Should I Contact This Publisher?

writing craft | Writing for Children Blog | writing for children and teens | writing for magazines | Writing nonfiction for children
July 27, 2017

 

As writers we can easily get caught up in the mode of looking for anyone who will accept us. This is especially true early on in our writing careers, but all publishers are not created equal. After the initial glow of "someone liked me!" wears off, will we still be happy with the published piece? The best way to be sure of a good end result, is to think critically about the places we choose for our submissions.
 
STEP ONE: Check out the publisher’s website.
 
Most publishers (whether they are book or magazine publishers) have some sort of online presence so they can connect directly with potential readers. Their website can also teach an author a lot, if examined critically. Consider these questions as you check it out:
 
A. Do they offer material that appeals to you?

If the books strike you as ugly and the blurbs don’t appeal to you, they would probably not have a niche where you would thrive.

B. Do they offer peeks inside?

If so, read the selected pages and imagine your own submission. Does yours seem like something that would fit in the same "family" as the material they offer as samples of their best?

C. Do they publish both fiction and nonfiction?

Do they publish material of the same type as what you're offering in terms of age level, genre, and format? There is simply no point in submitting the wrong thing to the wrong publisher. It wastes everyone’s time and resources.

D. Would your manuscript fill a hole?

Although it can be good to look for holes in the publisher’s line, keep in mind that a submission that is far afield from the sorts of things they publish may not be filling a hole. It may be simply missing the mark.
 
STEP TWO: Time to go to the library and bookstore with possible publishers in mind.
 
Look at some of the actual books or copies of the actual magazine produced by the publisher. For books produced only for classroom use, it may be helpful to have teacher friends who can show off their classroom materials. For magazines, you may want to visit one of the big box book stores and check out their magazine collection. Skim an issue, reading a page or two. If the magazine still appeals strongly to you, consider buying a copy. A good collection of sample magazines can be a great help in targeting the right publisher with your shorter works. If you find that neither your library nor the local big box bookstore has any samples of the publisher’s works, this is also something to consider. How much exposure would you like your work to have? Books and magazines with little distribution ultimately tend to have few readers.
 
As you read the books, note how similar the format is from book to book. Look at how the book is organized. Note how much material is on the page. How is the book focused? Again, ask yourself if the book, format, and style is appealing. Notice also the illustration. If the publisher always chooses bright, simple illustrations but you prefer realistic art, keep in mind that your story might not look quite as you've been imagining. Will you be okay with that?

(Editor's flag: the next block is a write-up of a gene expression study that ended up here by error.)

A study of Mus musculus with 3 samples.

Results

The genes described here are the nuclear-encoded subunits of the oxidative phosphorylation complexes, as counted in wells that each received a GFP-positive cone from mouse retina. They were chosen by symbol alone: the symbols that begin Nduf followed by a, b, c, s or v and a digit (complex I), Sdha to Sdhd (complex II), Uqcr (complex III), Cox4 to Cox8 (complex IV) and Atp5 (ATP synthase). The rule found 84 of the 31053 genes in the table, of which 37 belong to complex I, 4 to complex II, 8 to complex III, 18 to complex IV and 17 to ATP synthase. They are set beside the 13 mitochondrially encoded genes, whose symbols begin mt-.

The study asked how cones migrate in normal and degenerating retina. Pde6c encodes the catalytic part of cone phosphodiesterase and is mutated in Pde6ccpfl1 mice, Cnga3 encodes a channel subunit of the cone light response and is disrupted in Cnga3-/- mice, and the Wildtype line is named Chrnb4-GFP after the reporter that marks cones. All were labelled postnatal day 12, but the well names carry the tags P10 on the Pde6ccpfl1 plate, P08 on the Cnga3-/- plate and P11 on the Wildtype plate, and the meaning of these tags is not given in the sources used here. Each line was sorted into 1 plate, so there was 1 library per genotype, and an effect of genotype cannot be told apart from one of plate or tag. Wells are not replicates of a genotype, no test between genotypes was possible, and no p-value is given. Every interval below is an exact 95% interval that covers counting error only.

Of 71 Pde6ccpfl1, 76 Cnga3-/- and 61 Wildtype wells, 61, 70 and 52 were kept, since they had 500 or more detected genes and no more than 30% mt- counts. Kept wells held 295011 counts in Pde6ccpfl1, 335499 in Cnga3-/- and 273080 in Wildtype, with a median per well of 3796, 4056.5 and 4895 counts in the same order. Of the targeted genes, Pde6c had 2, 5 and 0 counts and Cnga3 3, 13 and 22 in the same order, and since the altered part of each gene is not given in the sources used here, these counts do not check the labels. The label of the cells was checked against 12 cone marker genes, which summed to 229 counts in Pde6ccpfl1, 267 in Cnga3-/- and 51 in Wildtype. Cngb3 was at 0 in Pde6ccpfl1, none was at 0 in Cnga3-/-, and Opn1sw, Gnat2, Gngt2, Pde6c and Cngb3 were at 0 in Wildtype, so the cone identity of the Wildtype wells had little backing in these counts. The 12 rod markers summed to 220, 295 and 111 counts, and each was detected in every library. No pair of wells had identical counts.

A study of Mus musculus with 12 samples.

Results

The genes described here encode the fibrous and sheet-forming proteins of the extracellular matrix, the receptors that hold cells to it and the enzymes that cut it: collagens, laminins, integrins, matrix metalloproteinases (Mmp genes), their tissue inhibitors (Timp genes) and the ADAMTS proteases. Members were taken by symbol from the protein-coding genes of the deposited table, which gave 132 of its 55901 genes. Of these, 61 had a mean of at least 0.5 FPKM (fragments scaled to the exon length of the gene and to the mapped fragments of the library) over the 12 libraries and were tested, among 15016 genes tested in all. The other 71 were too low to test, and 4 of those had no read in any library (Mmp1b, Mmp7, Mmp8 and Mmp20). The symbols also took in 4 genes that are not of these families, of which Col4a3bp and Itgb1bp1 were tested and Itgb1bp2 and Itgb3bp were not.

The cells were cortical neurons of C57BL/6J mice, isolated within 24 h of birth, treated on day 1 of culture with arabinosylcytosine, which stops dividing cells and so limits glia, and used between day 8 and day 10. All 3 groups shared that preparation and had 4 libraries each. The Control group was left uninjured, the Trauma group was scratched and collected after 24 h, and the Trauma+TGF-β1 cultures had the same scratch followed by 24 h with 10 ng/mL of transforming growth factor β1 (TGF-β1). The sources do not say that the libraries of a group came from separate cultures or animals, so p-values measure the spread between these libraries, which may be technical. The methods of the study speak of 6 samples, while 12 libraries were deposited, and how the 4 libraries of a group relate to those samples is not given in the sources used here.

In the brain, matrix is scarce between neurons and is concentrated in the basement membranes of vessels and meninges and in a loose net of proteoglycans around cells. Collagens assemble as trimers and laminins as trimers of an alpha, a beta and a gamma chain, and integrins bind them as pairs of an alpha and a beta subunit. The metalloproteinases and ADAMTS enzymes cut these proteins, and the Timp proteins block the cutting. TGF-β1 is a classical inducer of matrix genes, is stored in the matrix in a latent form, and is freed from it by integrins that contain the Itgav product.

Track down your local children’s librarian. There are few sources more valuable to a children's writer. Often they’ll have a stack of publisher catalogs that you could look at right there during your visit (and may have a few you can take home). You may find a publisher you hadn’t considered. Or you may learn more than you did when checking the publisher out online.


 
STEP THREE: Track down submission guidelines and make contact!
 
Submission guidelines will help you know exactly what the publisher wants, but a lack of submission guidelines shouldn’t necessarily stop you. Educational publishers especially may not have guidelines but are still open to hearing from writers. Unless you know from your market guide or other research that the publisher absolutely does not take submissions, then all you need is an address. If you’re contacting by address alone, it’s normally better not to send a full proposal – send a brief letter that shows your familiarity with their line, then either ask to send a full introductory packet of your resume and samples of your work, or make a short pitch (if you have an idea in mind) and ask to send a full proposal. Then wait for a response while continuing to research other publishers.
 


By careful study of publishers, you stand the best chance of making the publishing connections that help you build your career and make you happy and proud of the end result. You spent a lot of time creating the piece you're wanting published; it's fine to be a little picky when you choose who will get to publish it.


Jan Fields is a full-time, freelance author and an Institute of Children's Literature Instructor. Would you like to have your own instructor teaching you on a one-on-one basis? Show us a sample of your work here.


Comments

Tiffany Dickinson
July 28, 2017

These are good details to consider. Thank you for this.